Inspiration, awareness, food for thoughtFeb 08, 2020
Karen Winrow pictured with Hillier Hopkins partners James Johnson, Grant Franklin, Darren Todd and Neil Carter.
Why do businesses spend thousands on sponsorship deals with local awards? What is in it for them and do they really see a good return on their investment?
www.businessmk.co.uk spoke to Karen Winrow, business development manager at chartered accountants Hillier Hopkins to find out why the firm has chosen to sponsor the Business of the Year Award at Milton Keynes Business Achievement Awards 2020.
Tell us a bit about Hillier Hopkins and your role within the Milton Keynes business community?
Hillier Hopkins is an accountancy firm that’s been around since 1933 so we’re a long-established business.
We originally started in Hemel Hempstead in Hertfordshire, but have since expanded and now have offices in London, Watford and Milton Keynes, which is the newest office we’ve opened. We’re about 200 people altogether across the three offices, so we’re quite a significant local firm, within the Top 50 UK wide, in terms of size.
Basically, we support SMEs with audit, taxation and business advisory services. The bulk of our clients are owner managed businesses and we pride ourselves on providing them with friendly expertise and a high level of personal attention and offering good value for money.
You first became sponsors of MKBAA in 2019. How and why did you choose to get involved?
For quite a number of years, we’ve been headline sponsor of the Inspiring Hertfordshire Awards, so when we opened the Milton Keynes office, we were looking for something similar to be involved in.
I was told about MKBAA and when I looked into it, it seemed to have such a good following and high profile, that we were really keen to get involved.
MKBAA gives us an opportunity to connect with the business community and we like to encourage our own clients to enter. There are so many great businesses among our clients that we’d really like to see them get recognition and it’s great when we’re there on the awards night to be cheering on the work of businesses that we have a personal connection with.
What are your thoughts on the Health and Wellbeing theme for MKBAA2020?
It’s something that businesses are talking more and more about, and at Hillier Hopkins, like other businesses, we’ve been putting greater focus on the health and wellbeing of our people but also looking at the health of our community.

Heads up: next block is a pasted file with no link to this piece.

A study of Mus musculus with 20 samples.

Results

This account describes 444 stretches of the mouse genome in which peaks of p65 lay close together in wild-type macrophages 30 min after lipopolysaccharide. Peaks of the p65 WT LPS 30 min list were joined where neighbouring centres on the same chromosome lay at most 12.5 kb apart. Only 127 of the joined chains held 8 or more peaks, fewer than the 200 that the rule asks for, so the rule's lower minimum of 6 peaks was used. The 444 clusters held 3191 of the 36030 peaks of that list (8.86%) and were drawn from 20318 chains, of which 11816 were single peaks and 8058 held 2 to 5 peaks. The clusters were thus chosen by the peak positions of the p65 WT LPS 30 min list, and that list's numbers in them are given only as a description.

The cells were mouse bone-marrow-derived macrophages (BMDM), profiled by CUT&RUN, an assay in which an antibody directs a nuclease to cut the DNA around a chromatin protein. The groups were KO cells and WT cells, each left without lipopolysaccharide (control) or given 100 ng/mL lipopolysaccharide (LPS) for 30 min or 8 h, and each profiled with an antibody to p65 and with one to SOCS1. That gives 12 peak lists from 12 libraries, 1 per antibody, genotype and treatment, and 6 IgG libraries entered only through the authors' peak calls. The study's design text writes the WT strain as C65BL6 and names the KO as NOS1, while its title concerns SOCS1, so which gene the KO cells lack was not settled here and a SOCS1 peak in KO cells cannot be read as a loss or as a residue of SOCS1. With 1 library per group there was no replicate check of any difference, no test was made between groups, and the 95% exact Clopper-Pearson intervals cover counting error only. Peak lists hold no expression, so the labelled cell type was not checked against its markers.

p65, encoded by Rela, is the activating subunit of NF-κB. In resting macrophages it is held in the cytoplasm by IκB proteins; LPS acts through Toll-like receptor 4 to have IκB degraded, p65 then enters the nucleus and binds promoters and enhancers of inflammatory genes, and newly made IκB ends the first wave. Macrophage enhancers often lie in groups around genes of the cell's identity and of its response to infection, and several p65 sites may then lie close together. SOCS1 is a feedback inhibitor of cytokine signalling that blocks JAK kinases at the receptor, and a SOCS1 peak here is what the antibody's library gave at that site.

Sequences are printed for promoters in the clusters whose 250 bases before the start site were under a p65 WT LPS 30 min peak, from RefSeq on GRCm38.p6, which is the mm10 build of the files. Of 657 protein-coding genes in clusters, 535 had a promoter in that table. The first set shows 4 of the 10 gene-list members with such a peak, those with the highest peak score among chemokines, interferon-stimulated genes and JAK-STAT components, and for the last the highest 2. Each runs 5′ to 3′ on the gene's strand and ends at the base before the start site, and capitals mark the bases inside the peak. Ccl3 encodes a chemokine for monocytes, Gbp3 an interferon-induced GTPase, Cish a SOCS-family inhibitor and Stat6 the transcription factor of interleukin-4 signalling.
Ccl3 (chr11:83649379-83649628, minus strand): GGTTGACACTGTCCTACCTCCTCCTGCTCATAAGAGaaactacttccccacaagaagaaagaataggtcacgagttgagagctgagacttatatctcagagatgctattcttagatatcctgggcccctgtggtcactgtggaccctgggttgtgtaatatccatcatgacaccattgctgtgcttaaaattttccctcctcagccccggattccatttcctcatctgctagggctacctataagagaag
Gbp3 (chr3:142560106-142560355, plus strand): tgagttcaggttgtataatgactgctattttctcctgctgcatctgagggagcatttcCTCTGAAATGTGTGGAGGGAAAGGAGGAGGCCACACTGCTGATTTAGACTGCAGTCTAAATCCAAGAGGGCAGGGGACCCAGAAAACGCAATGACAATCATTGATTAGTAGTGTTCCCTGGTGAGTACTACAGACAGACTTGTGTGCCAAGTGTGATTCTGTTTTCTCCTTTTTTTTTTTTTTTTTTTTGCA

We have initiatives that we support across all of our offices that benefit the local area and I think it’s something that increasingly businesses are looking at on a corporate level.
It’s great that awards like MKBAA are using their platform to help raise awareness of it and are including questions in the entry process to find out how businesses are having an impact on the wider community, as well as within their own business and industry.
We all have first aiders within a company, but this new focus on mental and emotional wellbeing has prompted Hillier Hopkins to train and assign staff as mental health first aiders, with a responsibility for offering both mental and wellbeing support.
How do you feel that MKBAA benefits local businesses?
There are so many inspirational businesses and individuals out there. It’s great to give people the opportunity to get recognition for all of that hard work and endeavour.
One of the big benefits of the awards is that when businesses start going through the process of entering awards, it gives them an opportunity to reflect on all the great work they’ve been doing.
It’s very rare, as a business owner, that you get a chance to sit back and take stock of your achievements, and it’s actually the businesses that involve their staff in the awards process that get a real boost in morale within the business.
If you get shortlisted or win an award, it’s a real pat on the back and the PR potential is amazing. Everyone’s looking for news to share and winning an award gives you months of stories to tell just off the back of an award.
What do you think of the two-stage entry process?
It is something that really captured my attention and I thought was quite different when looking into the awards last year.
From my experience, one of the things that people often say about entering awards is that “it’s such a lot of work to put together an application, and it might all be a waste of time if I don’t even make the shortlist.”
With MKBAA’s two-stage process, it breaks down that initial barrier to entry and encourages more people to put their businesses forward. I think that gives MKBAA an edge over a lot of other awards out there.
What do you get out of sponsoring MKBAA?
In terms of sponsorship, I would definitely say that you get out of it what you put in.
One of the unexpected benefits of sponsoring an awards is the amount of information you get on the night and being involved in the judging process,. You hear the stories and there’s so many amazing ideas that you’re suddenly getting an insight into,
It is incredibly inspiring and gives you food for thought for what you’re doing yourself within your own organisation.
What’s your favourite part of the glittering awards ceremony?
Last year’s speaker Martha Lane Fox, who gave such an inspiring speech. It was my highlight of the awards. It was just such a great way to kick the awards off and I can’t wait to see who will be speaking this year.